Interface between Competition law and Intellectual Property Rights: A Comparative Study of the US, EU and India
International Law at Rajiv Gandhi School of IP Law, IIT Kharagpur and Life Member, Indian Society of International Law, New Delhi, India
- *Corresponding Author:
- Raju KD
Associate Professor of International Law at Rajiv Gandhi School of IP Law
IIT Kharagpur, India and Life Member
Indian Society of International Law, New Delhi, India
E-mail: [email protected]
Received Date: January 31, 2014; Accepted Date: April 04, 2014; Published Date: April 10, 2014
Citation: Raju KD (2014) Interface between Competition law and Intellectual Property Rights: A Comparative Study of the US, EU and India. Intel Prop Rights 2:115. doi: 10.4172/2375-4516.1000115
Copyright: © 2014 Raju KD. This is an open-access article distributed under the terms of the Creative Commons Attribution License, which permits unrestricted use, distribution, and reproduction in any medium, provided the original author and source are credited.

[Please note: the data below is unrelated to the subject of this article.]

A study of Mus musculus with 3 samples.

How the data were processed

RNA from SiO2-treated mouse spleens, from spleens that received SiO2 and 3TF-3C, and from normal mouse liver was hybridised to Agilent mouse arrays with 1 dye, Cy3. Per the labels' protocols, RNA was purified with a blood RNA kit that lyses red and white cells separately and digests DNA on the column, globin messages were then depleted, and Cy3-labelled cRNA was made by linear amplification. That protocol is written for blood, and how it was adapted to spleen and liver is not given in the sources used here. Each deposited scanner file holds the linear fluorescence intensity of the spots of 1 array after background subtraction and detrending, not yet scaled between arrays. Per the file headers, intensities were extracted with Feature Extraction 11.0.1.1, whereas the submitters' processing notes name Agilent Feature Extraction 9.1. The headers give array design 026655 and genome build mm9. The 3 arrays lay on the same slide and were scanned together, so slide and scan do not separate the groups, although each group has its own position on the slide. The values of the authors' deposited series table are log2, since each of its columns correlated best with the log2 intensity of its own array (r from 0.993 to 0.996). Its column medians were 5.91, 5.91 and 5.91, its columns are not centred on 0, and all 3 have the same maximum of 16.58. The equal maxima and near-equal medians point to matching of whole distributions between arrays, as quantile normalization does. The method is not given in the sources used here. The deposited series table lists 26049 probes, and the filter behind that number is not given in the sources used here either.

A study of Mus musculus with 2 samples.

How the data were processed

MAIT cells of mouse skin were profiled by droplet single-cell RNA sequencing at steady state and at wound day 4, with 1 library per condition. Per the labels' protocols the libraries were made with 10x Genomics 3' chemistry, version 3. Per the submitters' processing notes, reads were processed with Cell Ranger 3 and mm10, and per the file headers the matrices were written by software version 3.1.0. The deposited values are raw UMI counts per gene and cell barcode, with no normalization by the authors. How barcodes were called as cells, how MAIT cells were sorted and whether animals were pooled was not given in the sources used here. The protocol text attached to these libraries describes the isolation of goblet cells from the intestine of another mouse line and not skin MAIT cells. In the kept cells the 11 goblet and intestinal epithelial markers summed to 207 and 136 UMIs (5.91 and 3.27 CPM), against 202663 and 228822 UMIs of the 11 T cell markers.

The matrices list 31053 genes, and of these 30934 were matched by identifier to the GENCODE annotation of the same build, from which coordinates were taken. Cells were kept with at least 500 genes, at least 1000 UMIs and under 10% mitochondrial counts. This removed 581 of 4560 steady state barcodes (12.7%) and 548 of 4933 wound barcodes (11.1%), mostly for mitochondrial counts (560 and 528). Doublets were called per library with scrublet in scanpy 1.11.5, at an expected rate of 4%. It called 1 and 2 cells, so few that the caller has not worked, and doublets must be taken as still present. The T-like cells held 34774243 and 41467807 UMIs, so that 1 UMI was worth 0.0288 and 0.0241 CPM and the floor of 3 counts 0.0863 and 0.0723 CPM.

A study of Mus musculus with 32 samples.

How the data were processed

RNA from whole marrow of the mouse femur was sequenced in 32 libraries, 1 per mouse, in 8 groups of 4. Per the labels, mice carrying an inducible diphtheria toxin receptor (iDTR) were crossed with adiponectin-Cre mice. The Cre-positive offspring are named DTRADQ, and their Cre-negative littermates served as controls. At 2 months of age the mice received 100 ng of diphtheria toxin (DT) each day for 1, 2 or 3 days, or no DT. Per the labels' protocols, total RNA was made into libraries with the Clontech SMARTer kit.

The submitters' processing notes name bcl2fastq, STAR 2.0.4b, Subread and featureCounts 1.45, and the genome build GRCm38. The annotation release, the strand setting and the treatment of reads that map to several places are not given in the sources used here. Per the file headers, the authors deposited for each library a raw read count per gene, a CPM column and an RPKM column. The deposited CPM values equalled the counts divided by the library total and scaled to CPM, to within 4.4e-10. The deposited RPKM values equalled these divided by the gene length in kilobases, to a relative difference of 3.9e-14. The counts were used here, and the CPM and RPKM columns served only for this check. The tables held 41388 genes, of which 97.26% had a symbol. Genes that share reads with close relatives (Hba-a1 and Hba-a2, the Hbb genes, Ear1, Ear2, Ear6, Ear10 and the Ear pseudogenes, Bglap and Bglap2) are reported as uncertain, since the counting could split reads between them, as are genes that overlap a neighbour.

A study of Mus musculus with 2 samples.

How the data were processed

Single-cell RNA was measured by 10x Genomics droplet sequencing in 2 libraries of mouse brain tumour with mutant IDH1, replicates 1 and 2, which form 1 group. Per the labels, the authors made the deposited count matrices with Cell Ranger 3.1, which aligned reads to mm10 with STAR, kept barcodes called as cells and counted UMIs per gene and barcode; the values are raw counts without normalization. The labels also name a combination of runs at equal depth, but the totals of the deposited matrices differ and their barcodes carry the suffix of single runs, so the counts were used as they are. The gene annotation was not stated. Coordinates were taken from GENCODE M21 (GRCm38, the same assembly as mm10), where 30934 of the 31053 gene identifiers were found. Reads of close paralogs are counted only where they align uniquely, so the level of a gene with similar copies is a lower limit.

It is generally viewed that Intellectual property protection and competition law are odds with each other. Is there really any tussle between intellectual property protection and competition law? Intellectual property law creates and protects monopoly power and the other seeks to exclude it. IP exclusion provisions are included in the Indian Competition Act, 2002 in Section 3(5). This is to provide enforcement to intellectual property rights. But protection of intellectual property rights are not per se violates any competition provisions. The objective of competition law is to prohibit anti-competitive practices and the objective of both the stream is wealth maximization in any economy. Intellectual property protection is necessary to foster innovation and choices of products in the market. It infuses efficiency in the market and increases consumer welfare. India is in the nascent state of its administration of competition laws. There are sizable number of cases came before the Indian competition authorities (CCI) and Indian courts. Cases against Microsoft India and abuse of dominant case against Ericsson filed by an Indian company named Micromax is only the beginning of the interface cases on intellectual property and competition law. There is no sufficient case laws and jurisprudence is available in India in guiding the Indian authorities and courts on the interface between intellectual property and competition. It is necessary to make an analysis of the jurisprudence in the US and EU. First part of this paper deals with the US Antitrust Act, 1890 and analysis of a number of cases dealt by the US courts. The EU Regulations and cases are clearer on issues of intellectual property and competition law. Indian jurisprudence is not clear so far and few cases are dealt by the CCI and Indian courts. The study concludes that Indian authorities should learn from other jurisdictions and the jurisprudence will act as guideline for Indian authorities.